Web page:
Drought threatens cereal crops in several North African countries, according to Gro Intelligence, a climate analysis platform.
Much of Algeria is experiencing “severe” drought while “extreme” drought is widespread in Morocco and Tunisia.
The analytics firm predicts an increase in grain imports in what is already the world’s largest wheat importing region if dry conditions persist for the remainder of the growing season, which ends in May.
“Increased reliance on imports could potentially strain national budgets and further fuel food price inflation,” the forecaster said in a January 18 article posted on its website.
Accumulated precipitation during the rainy season from August to December was 36% below the ten-year average in Algeria, 46% below normal in Morocco and 48% below normal in Tunisia.
The three North African countries bought 2.63 million tonnes of Canadian durum wheat in 2020-21, which represents 43% of exports that year, according to statistics from the Canadian Grain Commission.
Daniel Ramage, director of market access and trade policy at Cereals Canada, said there was already pent-up demand from North Africa and other parts of the world.
The global durum wheat supply is extremely tight, with major exporter stocks down nearly 45% year-on-year.
If North Africa has another short harvest, it could lead to increased imports in 2022-23, he said.
Morocco’s Normalized Difference Vegetation Index (NDVI) has been at the lower end of its readings since 2000.
“Comparable growing conditions for this time of year were seen in 2001, when Morocco’s wheat crop was 56% below its five-year average, while imports rose 46% above average,” Gro Intelligence said.
The U.S. Department of Agriculture’s Foreign Agricultural Service said the late onset of rains has delayed planting of Morocco’s wheat and barley, with planting in some areas not completed until late. December 2021.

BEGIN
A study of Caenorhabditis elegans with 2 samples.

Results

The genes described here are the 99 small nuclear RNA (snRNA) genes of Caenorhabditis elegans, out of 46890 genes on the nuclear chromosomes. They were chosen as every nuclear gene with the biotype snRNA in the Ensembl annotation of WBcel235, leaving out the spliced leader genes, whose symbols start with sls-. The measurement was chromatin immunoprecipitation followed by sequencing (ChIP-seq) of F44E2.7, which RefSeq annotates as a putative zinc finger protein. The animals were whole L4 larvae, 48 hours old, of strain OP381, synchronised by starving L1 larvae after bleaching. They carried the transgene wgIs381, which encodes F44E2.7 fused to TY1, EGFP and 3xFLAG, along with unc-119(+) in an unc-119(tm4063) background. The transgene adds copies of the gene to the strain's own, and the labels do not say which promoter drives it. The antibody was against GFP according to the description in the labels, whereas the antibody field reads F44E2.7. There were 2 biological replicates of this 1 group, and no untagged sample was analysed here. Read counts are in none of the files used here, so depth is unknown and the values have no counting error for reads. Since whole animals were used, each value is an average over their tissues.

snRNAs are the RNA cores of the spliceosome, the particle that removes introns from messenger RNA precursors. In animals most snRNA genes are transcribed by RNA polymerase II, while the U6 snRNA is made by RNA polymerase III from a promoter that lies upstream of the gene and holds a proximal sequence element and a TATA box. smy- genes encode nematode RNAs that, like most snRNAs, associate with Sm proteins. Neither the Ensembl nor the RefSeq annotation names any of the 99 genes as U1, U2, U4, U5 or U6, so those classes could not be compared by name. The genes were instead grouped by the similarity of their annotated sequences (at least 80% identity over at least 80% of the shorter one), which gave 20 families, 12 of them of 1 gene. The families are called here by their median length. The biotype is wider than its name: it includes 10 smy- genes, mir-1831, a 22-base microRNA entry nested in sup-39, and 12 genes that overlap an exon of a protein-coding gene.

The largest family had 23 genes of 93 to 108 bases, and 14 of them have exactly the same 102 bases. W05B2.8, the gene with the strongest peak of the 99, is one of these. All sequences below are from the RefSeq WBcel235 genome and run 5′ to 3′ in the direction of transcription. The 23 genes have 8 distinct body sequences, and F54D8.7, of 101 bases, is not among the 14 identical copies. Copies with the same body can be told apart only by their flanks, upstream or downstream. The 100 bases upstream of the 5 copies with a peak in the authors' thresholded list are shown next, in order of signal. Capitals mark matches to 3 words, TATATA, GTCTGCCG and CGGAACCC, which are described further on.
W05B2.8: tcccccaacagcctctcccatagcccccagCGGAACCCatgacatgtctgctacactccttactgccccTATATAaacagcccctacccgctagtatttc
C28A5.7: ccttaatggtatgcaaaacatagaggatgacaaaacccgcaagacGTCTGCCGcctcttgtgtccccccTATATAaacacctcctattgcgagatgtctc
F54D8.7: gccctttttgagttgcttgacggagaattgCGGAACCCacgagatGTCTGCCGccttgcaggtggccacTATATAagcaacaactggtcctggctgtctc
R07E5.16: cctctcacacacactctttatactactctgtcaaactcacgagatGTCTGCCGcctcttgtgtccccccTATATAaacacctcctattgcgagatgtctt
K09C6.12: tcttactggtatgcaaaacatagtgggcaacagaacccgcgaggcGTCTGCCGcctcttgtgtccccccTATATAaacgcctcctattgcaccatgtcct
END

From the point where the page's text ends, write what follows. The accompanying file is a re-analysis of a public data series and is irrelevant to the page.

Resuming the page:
The total area seeded to wheat, durum and barley is 9.9 million acres, down 11% from the 10-year average.
Ramage noted that the harvest mainly takes place in May in Morocco and June in Algeria.
“There are still a few months before the production outlook changes,” he said.
The FAS confirmed that Morocco’s vegetation index is below average, but also mentioned that the harvest may still recover.
“Rainfall in March and April is essential for crop development and will determine the success of the 2022 production campaign,” FAS said in a Jan. 28 report.
Morocco suspended import duties on durum wheat and wheat on November 1, 2021 to build up stocks, so the country is already short of supplies and cannot afford another drought.
FAS said the NDVI map of Algeria shows that vegetation appears to be sparse in the western region and highlands of that country.
“Again this year, the wheat and barley growing areas seem to be lacking in rain,” he said in a Jan. 31 report.
FAS does not have an up-to-date report for Tunisia.
Agriculture Canada projects that Canadian farmers will plant 6.05 million acres of durum wheat, a 9% increase from last year.
Production is estimated at 5.52 million tonnes, more than double last year’s production, but below the 2016-20 average of six million tonnes.